In Requiem for a Dream, Sara Goldfarb receives a phone call and later a letter purporting to be from the television station offering her an appearance on the Juice By Tappy show. It's heavily implied that this is a scam: it's too good to be true, Sara was never expecting to be contacted (she doesn't recognise the Malin & Block company name on the phone call), there's no reason the show would contact an unknown fan who never applied, Harry is immediately very suspicious upon hearing of the offer, she never ends up on the show and the real television station staff call the police when she arrives at the office.
Let me get this straight - as the scammer, I identify vulnerable people, send them a fake phone call and application form, emphasise that they don't need to send any money, get the application form back and then do nothing beyond that. How was this scam supposed to work if no money was ever involved? I can only think of identity theft.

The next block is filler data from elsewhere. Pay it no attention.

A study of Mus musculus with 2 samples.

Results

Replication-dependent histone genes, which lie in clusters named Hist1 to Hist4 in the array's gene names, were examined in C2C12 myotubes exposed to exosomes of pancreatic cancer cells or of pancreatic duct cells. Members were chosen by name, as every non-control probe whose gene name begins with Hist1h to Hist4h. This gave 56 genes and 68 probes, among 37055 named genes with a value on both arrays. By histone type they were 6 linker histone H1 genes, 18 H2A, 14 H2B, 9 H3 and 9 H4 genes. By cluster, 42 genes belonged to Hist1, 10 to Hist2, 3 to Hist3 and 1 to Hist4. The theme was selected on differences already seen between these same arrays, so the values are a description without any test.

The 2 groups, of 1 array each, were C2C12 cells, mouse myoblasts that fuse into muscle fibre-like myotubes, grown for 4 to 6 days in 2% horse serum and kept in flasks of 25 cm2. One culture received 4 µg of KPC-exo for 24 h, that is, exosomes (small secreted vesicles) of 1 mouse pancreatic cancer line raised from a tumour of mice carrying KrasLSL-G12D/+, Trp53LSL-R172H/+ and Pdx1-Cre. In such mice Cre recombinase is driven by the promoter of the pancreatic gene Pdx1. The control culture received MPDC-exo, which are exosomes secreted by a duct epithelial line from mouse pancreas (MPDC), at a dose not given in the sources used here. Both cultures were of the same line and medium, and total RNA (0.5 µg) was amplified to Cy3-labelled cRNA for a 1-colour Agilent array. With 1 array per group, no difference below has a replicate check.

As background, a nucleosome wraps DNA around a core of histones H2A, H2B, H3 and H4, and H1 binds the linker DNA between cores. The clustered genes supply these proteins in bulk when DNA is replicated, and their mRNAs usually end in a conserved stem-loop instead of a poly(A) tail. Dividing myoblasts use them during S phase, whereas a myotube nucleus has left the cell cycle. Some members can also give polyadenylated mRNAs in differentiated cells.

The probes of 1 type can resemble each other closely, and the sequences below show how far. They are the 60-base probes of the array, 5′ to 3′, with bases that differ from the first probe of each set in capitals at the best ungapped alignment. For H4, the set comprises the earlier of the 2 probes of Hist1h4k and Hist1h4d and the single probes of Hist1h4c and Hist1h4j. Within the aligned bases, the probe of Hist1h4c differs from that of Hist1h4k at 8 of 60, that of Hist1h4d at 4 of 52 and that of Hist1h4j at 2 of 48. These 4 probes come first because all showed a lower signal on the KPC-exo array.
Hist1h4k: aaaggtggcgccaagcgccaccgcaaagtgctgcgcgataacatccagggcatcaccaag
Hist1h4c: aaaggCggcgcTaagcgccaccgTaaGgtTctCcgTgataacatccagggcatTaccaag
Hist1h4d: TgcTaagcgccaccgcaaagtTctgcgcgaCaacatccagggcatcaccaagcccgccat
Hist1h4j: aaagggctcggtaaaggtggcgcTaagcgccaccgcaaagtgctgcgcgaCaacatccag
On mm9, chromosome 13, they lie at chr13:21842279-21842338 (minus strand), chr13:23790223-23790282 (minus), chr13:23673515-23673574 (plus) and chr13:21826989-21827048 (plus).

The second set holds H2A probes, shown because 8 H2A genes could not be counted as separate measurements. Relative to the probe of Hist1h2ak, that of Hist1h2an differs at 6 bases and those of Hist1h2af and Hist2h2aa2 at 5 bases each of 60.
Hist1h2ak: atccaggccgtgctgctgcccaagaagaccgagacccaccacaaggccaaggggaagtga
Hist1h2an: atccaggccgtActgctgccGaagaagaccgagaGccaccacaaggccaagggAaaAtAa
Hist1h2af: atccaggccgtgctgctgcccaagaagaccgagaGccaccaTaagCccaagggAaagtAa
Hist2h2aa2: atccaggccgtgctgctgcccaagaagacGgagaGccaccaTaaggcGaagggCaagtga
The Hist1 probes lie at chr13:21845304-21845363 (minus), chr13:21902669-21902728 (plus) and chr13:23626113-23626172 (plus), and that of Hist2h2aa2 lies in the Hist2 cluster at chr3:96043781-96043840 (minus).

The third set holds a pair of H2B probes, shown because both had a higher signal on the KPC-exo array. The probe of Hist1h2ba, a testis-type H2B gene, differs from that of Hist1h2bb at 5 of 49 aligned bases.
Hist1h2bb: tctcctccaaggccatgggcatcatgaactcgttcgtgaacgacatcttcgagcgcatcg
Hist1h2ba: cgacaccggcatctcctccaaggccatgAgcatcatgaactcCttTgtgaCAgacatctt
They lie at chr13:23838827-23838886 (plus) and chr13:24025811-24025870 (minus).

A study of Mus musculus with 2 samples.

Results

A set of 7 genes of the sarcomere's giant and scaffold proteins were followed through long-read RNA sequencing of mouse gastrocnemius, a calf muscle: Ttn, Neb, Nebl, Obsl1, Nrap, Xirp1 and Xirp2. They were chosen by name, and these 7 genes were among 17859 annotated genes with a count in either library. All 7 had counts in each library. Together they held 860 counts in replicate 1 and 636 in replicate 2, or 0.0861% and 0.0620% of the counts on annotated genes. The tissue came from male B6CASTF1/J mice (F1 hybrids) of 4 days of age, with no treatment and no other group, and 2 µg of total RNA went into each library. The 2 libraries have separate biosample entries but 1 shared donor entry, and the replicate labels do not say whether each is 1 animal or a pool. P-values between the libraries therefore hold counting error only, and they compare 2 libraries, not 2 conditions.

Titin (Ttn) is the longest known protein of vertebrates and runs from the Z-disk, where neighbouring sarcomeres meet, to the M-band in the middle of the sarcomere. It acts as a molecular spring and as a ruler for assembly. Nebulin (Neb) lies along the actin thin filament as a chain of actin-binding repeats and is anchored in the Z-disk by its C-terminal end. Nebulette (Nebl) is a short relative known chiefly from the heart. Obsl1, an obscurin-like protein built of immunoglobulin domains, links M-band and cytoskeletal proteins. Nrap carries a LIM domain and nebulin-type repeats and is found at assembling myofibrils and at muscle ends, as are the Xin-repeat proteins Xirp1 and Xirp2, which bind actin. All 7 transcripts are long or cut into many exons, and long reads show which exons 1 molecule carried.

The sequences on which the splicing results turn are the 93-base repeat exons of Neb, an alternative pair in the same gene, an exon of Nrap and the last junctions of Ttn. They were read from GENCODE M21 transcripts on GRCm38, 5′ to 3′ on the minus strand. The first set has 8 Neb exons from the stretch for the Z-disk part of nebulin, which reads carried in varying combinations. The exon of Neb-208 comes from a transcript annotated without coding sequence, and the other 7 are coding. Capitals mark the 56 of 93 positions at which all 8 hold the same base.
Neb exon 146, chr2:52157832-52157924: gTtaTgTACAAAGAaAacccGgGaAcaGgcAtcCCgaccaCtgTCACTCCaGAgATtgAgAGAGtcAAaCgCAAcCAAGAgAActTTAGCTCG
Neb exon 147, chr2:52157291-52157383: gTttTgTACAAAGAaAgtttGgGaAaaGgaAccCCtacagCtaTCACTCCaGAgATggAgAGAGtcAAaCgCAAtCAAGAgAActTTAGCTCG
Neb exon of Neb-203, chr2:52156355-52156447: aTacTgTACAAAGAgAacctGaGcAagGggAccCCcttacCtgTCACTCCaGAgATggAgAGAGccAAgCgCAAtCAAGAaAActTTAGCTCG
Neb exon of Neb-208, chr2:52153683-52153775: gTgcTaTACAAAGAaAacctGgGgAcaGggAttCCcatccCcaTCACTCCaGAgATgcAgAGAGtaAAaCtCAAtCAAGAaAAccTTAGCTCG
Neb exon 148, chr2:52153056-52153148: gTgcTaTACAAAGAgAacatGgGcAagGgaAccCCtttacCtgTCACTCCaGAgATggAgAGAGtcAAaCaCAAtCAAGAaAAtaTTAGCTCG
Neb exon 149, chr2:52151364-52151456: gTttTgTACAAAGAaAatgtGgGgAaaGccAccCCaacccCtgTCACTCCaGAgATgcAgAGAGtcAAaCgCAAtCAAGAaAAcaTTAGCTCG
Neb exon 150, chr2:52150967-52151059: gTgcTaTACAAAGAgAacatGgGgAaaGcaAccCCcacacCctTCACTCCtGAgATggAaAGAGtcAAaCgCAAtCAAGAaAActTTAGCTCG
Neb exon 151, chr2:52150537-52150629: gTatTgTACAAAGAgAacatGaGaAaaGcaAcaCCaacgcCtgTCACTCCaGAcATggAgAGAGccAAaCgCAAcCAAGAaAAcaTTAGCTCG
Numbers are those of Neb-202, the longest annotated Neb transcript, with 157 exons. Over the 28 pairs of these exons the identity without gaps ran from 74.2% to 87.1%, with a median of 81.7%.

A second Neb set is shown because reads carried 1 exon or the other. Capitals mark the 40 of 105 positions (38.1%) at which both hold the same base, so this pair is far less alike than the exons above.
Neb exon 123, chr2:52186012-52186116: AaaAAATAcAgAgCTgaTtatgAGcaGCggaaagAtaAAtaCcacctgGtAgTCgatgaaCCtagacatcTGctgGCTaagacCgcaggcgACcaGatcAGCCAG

Some other viewers have tried to answer this by noting that Sara's return envelope doesn't have any stamps on it, which leads to a bewildering variety of speculation:
- This could simply be a meaningless (but very noticeable) oversight by the prop department because someone as obsessed as Sara would never have forgotten to put a stamp on the envelope and at least one of her friends would have noticed.
- This could be an actual in-story mistake by Sara, so nothing further happened because her return envelope never arrived, so there were some further steps that were missed out.
- This could be a stampless prepaid envelope that came with the application form, so there was no mistake (either by Sara or the prop department), so everything we see in the film is the entire plan with no further steps required.
However, all of this is viewer speculation. Is there any official answer about how the scam makes any sense as portrayed in the film? Was this thwarted by the lack of stamps or did everything happen as planned?